On December 5, 2022, the Environmental Protection Agency (EPA) proposed adding per- and polyfluoroalkyl substances (PFAS) subject to reporting under the Emergency Planning and Community Right-to-Know Act (EPCRA) and the Pollution Prevention Act (PPA) pursuant to the National Defense Authorization Act for Fiscal Year 2020 (NDAA) to the list of Lower Thresholds for Chemicals of Special Concern (chemicals of special concern).
In announcing the rule, the EPA stated the addition of these PFAS to the list of chemicals of special concern would cause them to be subject to the same reporting requirements as other chemicals of special concern. It would eliminate the use of the de minimis exemption for PFAS. This exemption allows covered facilities to disregard for reporting purposes certain minimal concentrations of reportable persistent bioaccumulative toxic (PBT) chemicals in mixtures or trade-name products.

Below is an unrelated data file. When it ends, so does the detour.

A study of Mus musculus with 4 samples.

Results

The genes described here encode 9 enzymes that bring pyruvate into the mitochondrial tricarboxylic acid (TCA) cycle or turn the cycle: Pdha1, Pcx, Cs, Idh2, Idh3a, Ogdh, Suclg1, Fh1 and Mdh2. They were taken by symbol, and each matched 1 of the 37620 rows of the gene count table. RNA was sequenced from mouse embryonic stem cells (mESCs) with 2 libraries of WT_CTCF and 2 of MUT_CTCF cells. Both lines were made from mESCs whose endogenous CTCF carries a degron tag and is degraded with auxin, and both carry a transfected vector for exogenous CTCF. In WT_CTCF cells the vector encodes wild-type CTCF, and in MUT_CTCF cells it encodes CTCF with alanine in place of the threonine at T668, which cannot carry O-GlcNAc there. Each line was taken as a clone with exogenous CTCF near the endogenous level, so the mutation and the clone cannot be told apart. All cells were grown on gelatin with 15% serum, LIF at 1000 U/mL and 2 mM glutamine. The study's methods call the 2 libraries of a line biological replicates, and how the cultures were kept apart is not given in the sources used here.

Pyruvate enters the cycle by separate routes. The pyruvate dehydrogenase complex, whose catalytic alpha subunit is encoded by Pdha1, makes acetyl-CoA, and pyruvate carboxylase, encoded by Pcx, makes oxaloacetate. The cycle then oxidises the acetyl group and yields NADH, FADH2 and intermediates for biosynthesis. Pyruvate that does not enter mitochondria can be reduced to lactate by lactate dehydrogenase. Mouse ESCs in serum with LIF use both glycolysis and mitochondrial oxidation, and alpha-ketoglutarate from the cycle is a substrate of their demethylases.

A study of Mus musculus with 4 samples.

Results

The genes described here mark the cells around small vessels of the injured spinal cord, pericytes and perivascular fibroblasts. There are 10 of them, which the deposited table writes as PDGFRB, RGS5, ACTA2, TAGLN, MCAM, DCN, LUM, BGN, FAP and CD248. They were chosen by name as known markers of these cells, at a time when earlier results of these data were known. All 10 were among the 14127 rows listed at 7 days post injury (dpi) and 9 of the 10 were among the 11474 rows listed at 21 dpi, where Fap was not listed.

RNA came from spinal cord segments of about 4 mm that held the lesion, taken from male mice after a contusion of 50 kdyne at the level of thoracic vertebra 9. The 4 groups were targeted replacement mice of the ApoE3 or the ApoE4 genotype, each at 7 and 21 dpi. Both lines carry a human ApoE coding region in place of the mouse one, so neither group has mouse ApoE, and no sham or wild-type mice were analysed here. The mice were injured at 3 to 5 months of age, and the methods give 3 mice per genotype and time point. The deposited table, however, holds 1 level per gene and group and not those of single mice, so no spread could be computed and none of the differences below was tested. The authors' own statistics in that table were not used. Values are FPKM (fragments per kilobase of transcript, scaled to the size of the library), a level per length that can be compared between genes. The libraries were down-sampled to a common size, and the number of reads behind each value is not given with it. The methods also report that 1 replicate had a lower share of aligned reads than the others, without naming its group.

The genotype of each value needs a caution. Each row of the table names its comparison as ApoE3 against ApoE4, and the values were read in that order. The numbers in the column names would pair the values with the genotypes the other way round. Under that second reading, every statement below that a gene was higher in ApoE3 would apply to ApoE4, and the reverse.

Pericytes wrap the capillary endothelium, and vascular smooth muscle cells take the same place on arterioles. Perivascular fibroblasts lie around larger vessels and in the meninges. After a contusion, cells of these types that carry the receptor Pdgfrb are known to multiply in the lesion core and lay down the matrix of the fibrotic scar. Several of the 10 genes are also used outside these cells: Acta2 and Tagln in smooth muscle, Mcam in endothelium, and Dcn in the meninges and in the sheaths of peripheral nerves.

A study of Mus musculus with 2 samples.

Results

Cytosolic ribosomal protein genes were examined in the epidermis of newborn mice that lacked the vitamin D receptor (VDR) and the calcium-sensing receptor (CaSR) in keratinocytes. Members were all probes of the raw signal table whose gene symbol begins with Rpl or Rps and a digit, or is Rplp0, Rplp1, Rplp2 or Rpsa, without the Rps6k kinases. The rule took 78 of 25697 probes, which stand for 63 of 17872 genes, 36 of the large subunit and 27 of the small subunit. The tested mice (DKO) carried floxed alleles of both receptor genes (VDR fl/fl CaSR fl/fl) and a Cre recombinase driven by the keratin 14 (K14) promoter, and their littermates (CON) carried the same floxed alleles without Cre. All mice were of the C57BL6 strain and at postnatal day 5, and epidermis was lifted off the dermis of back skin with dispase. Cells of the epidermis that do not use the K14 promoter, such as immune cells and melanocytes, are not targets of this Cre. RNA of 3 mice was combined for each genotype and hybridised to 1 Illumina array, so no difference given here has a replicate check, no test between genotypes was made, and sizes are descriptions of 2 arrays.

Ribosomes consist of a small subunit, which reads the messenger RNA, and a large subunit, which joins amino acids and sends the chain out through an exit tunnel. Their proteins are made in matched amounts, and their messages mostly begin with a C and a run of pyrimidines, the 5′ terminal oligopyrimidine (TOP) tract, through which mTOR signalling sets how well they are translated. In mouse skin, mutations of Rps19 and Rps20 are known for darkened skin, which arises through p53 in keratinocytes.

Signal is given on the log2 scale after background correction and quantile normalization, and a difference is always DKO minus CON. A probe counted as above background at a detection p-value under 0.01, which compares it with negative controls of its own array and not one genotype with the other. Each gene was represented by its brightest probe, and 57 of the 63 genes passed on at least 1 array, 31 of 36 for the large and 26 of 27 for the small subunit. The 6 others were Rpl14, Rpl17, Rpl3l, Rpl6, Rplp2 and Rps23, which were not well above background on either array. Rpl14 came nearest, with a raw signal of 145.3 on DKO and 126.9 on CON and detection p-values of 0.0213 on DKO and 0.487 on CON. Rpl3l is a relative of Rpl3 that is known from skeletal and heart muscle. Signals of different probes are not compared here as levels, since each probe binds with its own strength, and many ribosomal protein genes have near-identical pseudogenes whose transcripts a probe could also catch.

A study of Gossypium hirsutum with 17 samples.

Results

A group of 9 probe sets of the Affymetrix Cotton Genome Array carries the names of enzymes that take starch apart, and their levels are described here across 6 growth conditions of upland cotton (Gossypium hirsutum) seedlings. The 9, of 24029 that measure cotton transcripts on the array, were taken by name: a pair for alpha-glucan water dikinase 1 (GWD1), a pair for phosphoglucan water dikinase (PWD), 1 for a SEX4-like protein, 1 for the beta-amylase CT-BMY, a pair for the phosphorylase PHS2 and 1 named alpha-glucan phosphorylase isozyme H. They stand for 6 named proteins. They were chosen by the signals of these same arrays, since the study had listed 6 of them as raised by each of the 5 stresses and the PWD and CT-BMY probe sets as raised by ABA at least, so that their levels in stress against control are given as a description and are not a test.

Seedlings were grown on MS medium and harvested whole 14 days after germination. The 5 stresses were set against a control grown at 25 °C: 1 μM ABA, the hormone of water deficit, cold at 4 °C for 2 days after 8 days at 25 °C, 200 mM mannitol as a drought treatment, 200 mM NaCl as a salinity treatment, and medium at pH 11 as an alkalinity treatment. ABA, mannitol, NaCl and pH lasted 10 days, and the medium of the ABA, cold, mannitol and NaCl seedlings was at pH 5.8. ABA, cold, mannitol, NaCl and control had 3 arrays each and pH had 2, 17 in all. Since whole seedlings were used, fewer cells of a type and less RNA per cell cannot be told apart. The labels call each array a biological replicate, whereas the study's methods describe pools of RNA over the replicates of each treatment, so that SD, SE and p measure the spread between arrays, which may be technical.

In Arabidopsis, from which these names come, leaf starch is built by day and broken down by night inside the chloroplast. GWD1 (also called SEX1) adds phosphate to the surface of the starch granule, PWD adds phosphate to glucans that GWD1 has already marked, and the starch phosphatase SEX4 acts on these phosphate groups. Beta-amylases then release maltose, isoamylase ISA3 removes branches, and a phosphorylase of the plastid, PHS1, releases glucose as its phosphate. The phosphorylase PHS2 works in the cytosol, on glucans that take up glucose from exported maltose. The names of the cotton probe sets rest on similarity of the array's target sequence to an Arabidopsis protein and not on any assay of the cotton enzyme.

The EPA says the rule will result in a more complete picture of the releases and waste management quantities for these PFAS. In addition, the EPA is proposing to remove the availability of the de minimis exemption for purposes of the Supplier Notification Requirements for all chemicals on the list of chemicals of special concern. This change would make it easier for purchasers of mixtures and trade-name products containing such chemicals to be informed of their presence.
PFAS are used at low concentrations in many products. Following the elimination of the de minimis exemption, it will be possible to obtain a more complete picture of the releases and other waste management quantities for these chemicals.
With PFAS-related litigation continuing to swell, and with this rule facilitating plaintiffs' efforts to identify potential defendants, we should expect to see potential litigants accessing the information being collected by EPA. Those whose activities involve PFAS should be planning for increased attention and girding for litigation.